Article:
Everything About Escargot You Need to Know in 7 Minutes Read

5 Escargot with shells in a white dish

What is all the hype about Escargot, Is eating snails really that popular? Many people are still thinking of them as pests that crawl around and destroy our beautiful vegetable gardens, and they are right – they can be a menace, but they can be a delight too. With high numbers of snail-lovers and the demand for escargot constantly growing, it is likely they will become a solution to many diets in all parts of the world. Snail meat is high in protein and minerals such as magnesium and calcium, which makes it perfect food in nowadays nutrient-lacking vegetables, fruits and massively industrially produced meat. There are many edible snails types but you need to know what you are doing.

Key Takeaways

  • Escargot is the French word for Snail.
  • Humans have been eating snails since prehistoric times.
  • They have great nutrition value. High protein and low fat. (but the sauce is another story).
  • They have their very own holiday, every year on May 24th.

What is Escargot Anyway?

The term Escargot comes from French and it means snail. The plural form is Escargots.

This usually means a land snail that is cooked and ready to eat. Escargots are usually served as a starter but they can also be an entrée. They are a typical dish in France and in the Catalan region of Spain. The word Escargot sometimes applies to the living snails of those species which are commonly eaten in this way.

Did you know there is even a national escargot day?

Escargot vs. Snail

There is no real difference between the word escargot and the word snail. While in French it will mean the exact same thing, the actual animal, in the English language it will mostly depend on the context. Meaning, in restaurants you will probably see the word Escargot. On the other hand, you will likely not refer to one you see in your garden as such.

How to Pronounce Escargot

Since the origin of the word is from the French language, it might be difficult for an English speaker to say it for the first time. It should be said as eh – skaar – gow. Try listening to the video below and keep in mind you don’t really pronounce the letter “t” at the end.


The History of Snails as Food

It is unknown exactly when humans started eating snails. Researchers found leftovers of shells inside a cave in Greece and in other places. These findings suggested they were eaten even before humans started hunting. The reason behind it is simple. Compared to other animals, they are slow, lack good defense mechanisms and are easy to handle. In addition, they are very easy to farm and have great nutrition value.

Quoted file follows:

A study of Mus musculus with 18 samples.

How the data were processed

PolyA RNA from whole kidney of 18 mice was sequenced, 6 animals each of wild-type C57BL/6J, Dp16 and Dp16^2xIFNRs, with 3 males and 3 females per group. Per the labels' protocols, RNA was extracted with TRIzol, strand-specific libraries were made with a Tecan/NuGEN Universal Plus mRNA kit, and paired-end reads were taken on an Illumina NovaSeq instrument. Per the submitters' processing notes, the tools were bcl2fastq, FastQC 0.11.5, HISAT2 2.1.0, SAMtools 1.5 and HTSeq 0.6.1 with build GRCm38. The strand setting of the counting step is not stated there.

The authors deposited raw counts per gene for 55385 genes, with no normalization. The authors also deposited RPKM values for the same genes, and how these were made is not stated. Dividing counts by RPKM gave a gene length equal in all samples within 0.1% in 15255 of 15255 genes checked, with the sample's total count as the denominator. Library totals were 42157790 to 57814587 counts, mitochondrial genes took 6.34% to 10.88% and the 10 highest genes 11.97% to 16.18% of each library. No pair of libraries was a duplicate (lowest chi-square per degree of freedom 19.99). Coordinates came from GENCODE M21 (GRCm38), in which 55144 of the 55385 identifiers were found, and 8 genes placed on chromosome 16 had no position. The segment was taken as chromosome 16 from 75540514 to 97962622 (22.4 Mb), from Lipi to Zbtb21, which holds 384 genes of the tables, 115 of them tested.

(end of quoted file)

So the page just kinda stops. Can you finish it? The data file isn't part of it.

Snails Nutrition Value

As food, snails have great nutrition value. They are high on protein and low on fat. Nevertheless, they are often cooked with a lot of butters, so keep that in mind.

Every 3.5oz (100g) of snail meat contains:

  • Calories 90.6
  • Calories from Fat 12.9
  • Total Fat 1.4g
  • Saturated Fat 0.4g
  • Polyunsaturated Fat 0.2g
  • Monounsaturated Fat 0.3g
  • Cholesterol 50.6mg
  • Sodium 70.6mg
  • Potassium 382.4mg
  • Total Carbohydrates 2g
  • Dietary Fiber 0g
  • Sugars 0g
  • Protein 16.5g
  • 2% Vitamin A
  • 0% Vitamin C
  • 0.8% Calcium
  • 20% Iron

You can see the table below to compare to other common types of food.

nutritional value of snails

What Does Escargot Taste Like?

While it is very difficult to explain taste, they usually capture a lot of the flavor of the sauce they are cooked in (or with). People often say their texture resembles the texture of clams. The common comparison of their taste is to the taste of chicken, fish or mushrooms.

Preparing for Human consumption

Because of their anatomical structure, you cannot simply take a live snail and eat it or cook it. Before they can be eaten, they need to go through a cleaning process. The cleaning process is basically leaving them alive for 8-12 days without food. That way their digestive system is clean. They are then being thoroughly washed and ready to be cooked, frozen or canned.

How to Eat Escargot

Snails are being eaten around the world. Each county has its own way and recipes. The recipes are very influenced by the species lived locally. Check out our 101 different recipes. While the world’s most known dish is Escargots de Bourgogne, there are a lot more to try.

Most recipes will require you special snail tongs (for holding the shell) and snail forks (for extracting the meat). They are usually served on indented metal or ceramic trays with places for six or 12 snails.

Make yourself familiar with the right way to cook snails. If you are looking for a new way to enjoy them, you need to try snail caviar.

Where to Buy

Because of the rapid way they reproduce, some countries have strict regulations about selling live ones. In the US, it is illegal to ship and sell live snails. Your best bet will be to find them canned (can be found online), frozen in special stores or in places like Peconic.

For people who are escargot enthusiastic, there are many escargot festivals around the world to check out.

Which Types are Good for Escargot

With over 40,000 different species, you cannot simply eat or cook any snail because some could be bad for you. The most common species is the Roman snail (also known as Burgundy or Helix pomatia). Other edible snails include Cornu aspersum (garden snail, known as petit-gris), Helix lucorum, Cepaea nemoralis, Otala punctata and others.

Which Countries Consume the Most Snails?

While some people still consider them to be pests and can’t imagine putting them on their plate, there are others who savor this delicacy and would never exclude them from their cuisine. There are countries where eating escargots is embedded deeply in their culture and has a long history. Among the highest consumer countries are France, Spain, Italy, USA and Australia.